Researchers are proposing gene alteration to save ocean ecosystems ravaged by rising temperatures.
The Great Barrier Reef was recently proclaimed dead in a tongue-in-cheek obituary. While CNN reassured us this was an exaggeration, it brought the impending threat of coral annihilation to the forefront of public thought. Now, researchers are rushing against the clock to find a solution to rampant coral bleaching, which is the main culprit.
Smithsonian.com reports that Rachel Levin, a molecular biologist, has recently proposed a way to save these marine ecosystems, in a paper in the journal Frontiers in Microbiology. Her strategy would repopulate bleached coral with lab engineered symbionts, rather than attempting to find healthy specimens in the wild and relocate them.
This method could actually work. Smithsonian explains that since coral bleaching is a breakdown of a symbiotic union, introducing new symbionts could restore an entire reef:
The coral animal itself is like a building developer who constructs the scaffolding of a high rise apartment complex. The developer rents out each of the billions of rooms to single-celled, photosynthetic microbes called Symbiodinium. But in this case, in exchange for a safe place to live, Symbiodinium makes food for the coral using photosynthesis. A bleached coral, by contrast, is like a deserted building. With no tenants to make their meals, the coral eventually dies. Though bleaching can be deadly, it’s actually a clever evolutionary strategy of the coral. The Symbiodinium are expected to uphold their end of the bargain. But when the water gets too warm, they stop photosynthesizing. When that food goes scarce, the coral sends an eviction notice.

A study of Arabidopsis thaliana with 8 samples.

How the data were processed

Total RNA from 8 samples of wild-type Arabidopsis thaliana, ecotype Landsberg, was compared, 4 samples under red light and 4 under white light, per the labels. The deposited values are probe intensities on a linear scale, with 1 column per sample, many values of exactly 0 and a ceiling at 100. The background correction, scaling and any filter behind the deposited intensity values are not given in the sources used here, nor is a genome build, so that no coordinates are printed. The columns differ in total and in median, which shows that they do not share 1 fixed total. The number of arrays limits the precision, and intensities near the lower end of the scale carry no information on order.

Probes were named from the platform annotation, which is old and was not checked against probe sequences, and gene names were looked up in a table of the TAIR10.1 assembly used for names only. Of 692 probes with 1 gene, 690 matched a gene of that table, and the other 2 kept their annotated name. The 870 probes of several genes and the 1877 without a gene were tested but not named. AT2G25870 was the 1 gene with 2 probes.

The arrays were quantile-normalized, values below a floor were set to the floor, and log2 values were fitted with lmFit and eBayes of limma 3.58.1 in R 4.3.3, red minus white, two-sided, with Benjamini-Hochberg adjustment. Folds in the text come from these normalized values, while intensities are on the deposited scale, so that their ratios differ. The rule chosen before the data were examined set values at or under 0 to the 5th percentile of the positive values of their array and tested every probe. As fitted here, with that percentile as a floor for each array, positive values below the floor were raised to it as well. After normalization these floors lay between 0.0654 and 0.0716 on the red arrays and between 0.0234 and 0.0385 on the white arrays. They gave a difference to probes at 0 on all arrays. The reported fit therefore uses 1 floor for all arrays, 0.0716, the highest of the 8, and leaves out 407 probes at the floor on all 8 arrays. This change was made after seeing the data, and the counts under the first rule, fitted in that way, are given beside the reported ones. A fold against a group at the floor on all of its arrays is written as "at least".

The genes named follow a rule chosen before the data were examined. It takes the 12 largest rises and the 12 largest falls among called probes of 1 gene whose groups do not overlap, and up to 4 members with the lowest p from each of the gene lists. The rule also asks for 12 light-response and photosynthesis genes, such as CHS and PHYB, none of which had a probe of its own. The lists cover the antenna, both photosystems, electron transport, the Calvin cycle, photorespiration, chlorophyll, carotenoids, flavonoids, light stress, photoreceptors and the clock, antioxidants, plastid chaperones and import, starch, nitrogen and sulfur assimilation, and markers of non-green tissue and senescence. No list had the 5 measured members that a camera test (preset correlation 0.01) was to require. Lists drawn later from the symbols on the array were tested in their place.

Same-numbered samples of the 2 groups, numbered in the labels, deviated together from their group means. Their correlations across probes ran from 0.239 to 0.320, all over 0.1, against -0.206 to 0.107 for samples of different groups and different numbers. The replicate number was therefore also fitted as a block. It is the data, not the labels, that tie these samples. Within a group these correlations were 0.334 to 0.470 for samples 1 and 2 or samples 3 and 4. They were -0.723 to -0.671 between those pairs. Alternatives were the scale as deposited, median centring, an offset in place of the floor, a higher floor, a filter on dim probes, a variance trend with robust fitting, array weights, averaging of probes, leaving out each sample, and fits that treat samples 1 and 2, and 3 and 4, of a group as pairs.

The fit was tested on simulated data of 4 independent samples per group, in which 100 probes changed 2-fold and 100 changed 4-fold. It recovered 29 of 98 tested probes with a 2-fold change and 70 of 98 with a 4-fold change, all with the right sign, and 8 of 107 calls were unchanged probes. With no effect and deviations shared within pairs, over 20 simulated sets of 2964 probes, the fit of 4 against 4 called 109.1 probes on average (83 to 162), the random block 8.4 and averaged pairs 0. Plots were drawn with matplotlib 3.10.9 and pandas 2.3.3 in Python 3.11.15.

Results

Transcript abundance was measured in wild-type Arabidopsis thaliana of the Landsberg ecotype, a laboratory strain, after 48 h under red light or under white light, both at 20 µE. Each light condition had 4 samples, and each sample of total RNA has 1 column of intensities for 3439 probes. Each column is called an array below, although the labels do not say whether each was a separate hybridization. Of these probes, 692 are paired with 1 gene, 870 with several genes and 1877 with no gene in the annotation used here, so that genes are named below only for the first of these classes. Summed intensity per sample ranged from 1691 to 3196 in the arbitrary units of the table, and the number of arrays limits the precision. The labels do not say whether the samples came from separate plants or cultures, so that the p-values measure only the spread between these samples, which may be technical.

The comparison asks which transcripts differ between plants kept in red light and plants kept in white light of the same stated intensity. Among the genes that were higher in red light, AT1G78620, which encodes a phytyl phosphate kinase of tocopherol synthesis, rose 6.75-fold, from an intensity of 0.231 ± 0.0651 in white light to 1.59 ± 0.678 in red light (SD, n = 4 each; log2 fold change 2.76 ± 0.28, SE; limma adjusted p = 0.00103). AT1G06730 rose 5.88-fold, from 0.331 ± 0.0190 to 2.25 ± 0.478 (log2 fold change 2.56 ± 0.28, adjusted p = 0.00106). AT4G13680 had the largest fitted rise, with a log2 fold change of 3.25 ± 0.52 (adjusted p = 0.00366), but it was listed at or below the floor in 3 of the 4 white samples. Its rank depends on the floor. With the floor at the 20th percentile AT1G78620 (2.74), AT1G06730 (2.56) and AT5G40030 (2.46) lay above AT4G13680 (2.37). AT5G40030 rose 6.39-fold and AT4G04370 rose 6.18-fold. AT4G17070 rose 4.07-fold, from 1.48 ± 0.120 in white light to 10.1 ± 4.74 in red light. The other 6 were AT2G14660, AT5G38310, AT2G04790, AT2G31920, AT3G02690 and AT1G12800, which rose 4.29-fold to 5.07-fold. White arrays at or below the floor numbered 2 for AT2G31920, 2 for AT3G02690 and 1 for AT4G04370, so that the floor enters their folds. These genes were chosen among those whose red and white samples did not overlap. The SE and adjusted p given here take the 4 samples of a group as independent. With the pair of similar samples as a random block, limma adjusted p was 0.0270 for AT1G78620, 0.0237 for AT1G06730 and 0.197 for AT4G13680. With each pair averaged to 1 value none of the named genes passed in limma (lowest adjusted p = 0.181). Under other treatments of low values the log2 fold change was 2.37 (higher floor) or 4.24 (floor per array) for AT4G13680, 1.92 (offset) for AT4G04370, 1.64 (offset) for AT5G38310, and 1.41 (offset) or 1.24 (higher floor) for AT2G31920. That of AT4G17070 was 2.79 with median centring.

The rising water temperature is causing the reefs to evict their Symbiodinium, but there are none around to replace them. Which has lead Levin to the conclusion that she needs to create “super-symbionts” which can withstand the rising temperatures and continue to produce food for the reefs.
Levin was able to identify a strain of Symbiodinium which was resistant to heat and inserted copies of these crucial heat tolerating genes into the weaker Symbiodinium. This created new a strain adapted to live with corals from temperate regions.
However, it was no easy task to insert these genes, since the cells are encased in armored plates, cell membranes and a cell wall. The next hurdle became how to insert these genes without breaking and killing the cell. For this, Levin employed a virus, which she modified to carry the heat-resistant genes, and infected the cells with it.
While this method seems extreme, Levin does not consider herself to be a “crazy scientist,” citing gene altering in mosquitoes as an even wilder use of science:
Protecting humans from devastating diseases like malaria or Zika—scientists have been willing to try more drastic techniques, such as releasing mosquitoes genetically programmed to pass on lethal genes. The genetic modifications needed to save corals, Levin argues, would not be nearly as extreme. She adds that much more controlled lab testing is required before genetically modified Symbiodinium could be released into the environment to repopulate dying corals reefs.